Causes of erectile dysfunction

The Effects of Disease States and Drugs on Erections

  Cardiovascular Disease is the most common cause of ED and is due to endothelial dysfunction. Studies have demonstrated that two million people have heart disease but have no symptoms, and one out of four men with no risk factors will die suddenly of a cardiovascular event. Other studies indicate that ED may be present for 2-3 years prior to the diagnosis of heart disease.

  Smoking is one of the greatest health enemies and is responsible for over 400,000 deaths per year. Smoking causes endothelial dysfunction, which causes ED. I firmly believe that if manufacturers added a warning to cigarette labels that smoking will make erections go away, no man would smoke.

  Diabetes is the most common cause of sexual dysfunction in men. It has been estimated that up to 50-75 percent of diabetic men have erectile dysfunction, because diabetes causes endothelial dysfunction. Diabetics must pay attention to diabetic neuropathy - the loss of vibratory sensations of the lower extremities. With this disease, there is always the possibility of peripheral neuropathies. Other diseases that are associated with peripheral neuropathies include chronic renal failure, carcinomas, rheumatoid arthritis, hypothyroidism, herpes zoster, anemias, breathing problems, such as chronic obstructive pulmonary disease, as well as a long list of hereditary neuropathies.

  Hypertension (HTN) or high blood pressure is one of the most common health conditions. HTN is the second most prevalent disease in men with ED. HTN causes endothelial dysfunction, which leads to ED. However, the treatment of HTN can also cause ED.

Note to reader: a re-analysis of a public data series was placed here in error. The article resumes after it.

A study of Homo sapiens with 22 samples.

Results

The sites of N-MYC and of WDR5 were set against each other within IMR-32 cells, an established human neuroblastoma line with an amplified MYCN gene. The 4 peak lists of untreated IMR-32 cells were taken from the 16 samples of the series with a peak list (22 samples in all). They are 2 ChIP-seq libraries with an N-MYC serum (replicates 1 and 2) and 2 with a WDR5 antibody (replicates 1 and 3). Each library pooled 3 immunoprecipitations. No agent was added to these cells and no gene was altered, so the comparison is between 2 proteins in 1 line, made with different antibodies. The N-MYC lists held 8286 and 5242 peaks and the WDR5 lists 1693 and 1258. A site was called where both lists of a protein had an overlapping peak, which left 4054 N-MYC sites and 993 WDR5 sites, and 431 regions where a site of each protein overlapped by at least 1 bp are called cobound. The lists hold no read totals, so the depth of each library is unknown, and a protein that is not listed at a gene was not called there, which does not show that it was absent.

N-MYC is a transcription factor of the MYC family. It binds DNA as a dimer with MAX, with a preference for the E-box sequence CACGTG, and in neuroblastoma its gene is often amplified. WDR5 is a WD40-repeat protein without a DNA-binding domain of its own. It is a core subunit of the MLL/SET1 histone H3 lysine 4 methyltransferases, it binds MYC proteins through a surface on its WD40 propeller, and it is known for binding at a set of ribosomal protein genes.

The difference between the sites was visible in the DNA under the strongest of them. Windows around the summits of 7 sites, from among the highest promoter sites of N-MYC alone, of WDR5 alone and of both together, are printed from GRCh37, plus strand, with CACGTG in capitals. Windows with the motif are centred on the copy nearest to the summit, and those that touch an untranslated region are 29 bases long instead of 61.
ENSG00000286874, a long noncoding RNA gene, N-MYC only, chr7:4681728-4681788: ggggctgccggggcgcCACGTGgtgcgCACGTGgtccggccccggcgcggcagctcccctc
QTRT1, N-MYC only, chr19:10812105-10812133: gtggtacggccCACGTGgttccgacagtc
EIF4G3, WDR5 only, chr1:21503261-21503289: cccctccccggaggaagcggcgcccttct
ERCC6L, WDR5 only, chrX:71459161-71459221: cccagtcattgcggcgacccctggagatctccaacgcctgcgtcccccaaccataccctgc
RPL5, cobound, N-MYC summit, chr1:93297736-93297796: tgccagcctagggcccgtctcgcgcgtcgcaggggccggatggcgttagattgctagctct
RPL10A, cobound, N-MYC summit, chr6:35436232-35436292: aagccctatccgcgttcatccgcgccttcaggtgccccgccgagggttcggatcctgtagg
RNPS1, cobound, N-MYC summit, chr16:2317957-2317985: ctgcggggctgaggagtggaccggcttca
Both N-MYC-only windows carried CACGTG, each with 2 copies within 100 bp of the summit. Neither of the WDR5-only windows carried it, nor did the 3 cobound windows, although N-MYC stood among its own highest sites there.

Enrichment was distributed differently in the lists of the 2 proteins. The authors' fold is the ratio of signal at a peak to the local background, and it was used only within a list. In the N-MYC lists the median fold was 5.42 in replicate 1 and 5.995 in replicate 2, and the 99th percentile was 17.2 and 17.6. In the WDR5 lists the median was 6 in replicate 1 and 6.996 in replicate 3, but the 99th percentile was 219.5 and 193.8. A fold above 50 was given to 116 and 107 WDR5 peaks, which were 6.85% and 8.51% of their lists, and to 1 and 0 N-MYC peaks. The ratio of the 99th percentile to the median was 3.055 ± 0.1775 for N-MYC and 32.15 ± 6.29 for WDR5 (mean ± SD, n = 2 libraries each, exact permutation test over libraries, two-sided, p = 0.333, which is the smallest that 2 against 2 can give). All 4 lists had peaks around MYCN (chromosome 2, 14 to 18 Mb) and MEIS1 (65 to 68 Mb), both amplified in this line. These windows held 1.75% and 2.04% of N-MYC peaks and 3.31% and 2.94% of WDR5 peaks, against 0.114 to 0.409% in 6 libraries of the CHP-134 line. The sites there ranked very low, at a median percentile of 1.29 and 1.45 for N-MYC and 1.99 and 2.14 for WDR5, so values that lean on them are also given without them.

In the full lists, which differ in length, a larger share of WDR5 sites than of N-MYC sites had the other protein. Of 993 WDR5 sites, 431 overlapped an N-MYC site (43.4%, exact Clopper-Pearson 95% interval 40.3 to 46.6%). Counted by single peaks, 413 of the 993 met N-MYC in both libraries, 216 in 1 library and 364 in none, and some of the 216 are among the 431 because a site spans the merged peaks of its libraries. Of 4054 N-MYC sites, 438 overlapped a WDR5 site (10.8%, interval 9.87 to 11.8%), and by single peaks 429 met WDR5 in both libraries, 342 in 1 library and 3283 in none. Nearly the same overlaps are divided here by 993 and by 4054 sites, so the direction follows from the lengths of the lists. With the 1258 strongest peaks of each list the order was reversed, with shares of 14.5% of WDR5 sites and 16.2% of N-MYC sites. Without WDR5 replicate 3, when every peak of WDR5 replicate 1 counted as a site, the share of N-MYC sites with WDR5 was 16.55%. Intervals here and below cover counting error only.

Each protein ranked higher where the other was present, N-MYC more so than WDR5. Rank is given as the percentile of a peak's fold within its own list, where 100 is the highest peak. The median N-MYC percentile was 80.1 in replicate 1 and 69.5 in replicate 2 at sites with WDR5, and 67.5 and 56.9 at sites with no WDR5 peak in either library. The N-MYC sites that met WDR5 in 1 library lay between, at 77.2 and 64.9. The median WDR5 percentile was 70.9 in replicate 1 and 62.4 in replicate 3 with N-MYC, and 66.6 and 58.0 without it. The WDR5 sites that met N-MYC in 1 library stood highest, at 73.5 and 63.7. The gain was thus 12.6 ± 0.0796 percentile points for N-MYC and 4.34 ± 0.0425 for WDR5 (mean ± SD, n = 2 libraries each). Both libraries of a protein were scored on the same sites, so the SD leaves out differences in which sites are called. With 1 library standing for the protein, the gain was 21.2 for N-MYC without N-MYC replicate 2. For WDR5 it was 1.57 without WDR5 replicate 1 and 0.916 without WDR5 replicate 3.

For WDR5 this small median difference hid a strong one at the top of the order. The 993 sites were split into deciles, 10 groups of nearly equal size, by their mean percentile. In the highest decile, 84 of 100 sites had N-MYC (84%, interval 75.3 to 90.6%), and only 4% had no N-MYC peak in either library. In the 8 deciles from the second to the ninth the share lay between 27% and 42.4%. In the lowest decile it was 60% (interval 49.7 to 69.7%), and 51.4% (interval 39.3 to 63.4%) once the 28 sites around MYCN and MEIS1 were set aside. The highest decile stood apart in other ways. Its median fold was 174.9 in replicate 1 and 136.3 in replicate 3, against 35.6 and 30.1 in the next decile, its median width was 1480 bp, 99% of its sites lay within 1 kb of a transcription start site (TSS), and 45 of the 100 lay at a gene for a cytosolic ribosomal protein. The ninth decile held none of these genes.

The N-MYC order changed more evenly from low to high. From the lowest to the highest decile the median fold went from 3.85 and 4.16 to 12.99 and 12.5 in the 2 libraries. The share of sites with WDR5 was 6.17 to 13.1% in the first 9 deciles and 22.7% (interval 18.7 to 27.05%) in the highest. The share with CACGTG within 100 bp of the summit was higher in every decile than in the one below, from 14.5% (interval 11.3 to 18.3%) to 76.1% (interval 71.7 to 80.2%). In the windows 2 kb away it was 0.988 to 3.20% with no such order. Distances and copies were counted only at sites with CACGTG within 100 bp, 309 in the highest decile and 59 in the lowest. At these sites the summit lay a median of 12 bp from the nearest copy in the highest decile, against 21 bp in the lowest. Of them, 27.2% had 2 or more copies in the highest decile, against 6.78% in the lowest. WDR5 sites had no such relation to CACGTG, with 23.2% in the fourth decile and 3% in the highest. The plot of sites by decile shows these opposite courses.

Enlarged Prostates or BPH can be the cause of ED as well. Treatment of the prostate disease can reverse ED but cause ejaculatory disorders.

  Prostate Cancer as well as the treatment of prostate cancer can lead to ED.

  Dyslipidemia or abnormal concentrations of lipids in the blood. These high concentrations of bad cholesterol will cause endothelial dysfunction, which leads to ED.

  It is estimated that fifty percent or more of men with Multiple Sclerosis have erectile dysfunction. Bladder dysfunction can be also be associated with the erectile dysfunction in multiple sclerosis.

  Parkinson’s disease and temporal lobe abnormalities are risk factors for erectile dysfunction.

  Stroke and alcoholism create a very high risk because of damage to the testicles and the resulting decrease of testosterone in the body.

  Aging is a common risk for erectile dysfunction, often related to a decrease of male hormones and endothelial dysfunction. The Massachusetts Male Aging Study indicated that 50 percent of men age 40-70 have a minimal, moderate or severe degree of erectile dysfunction.

  Chronic renal insufficiency is another potential factor. Many drugs used to treat the type of high blood pressure associated with chronic renal insufficiency can cause erectile dysfunction, and many drugs are, by themselves, the culprit.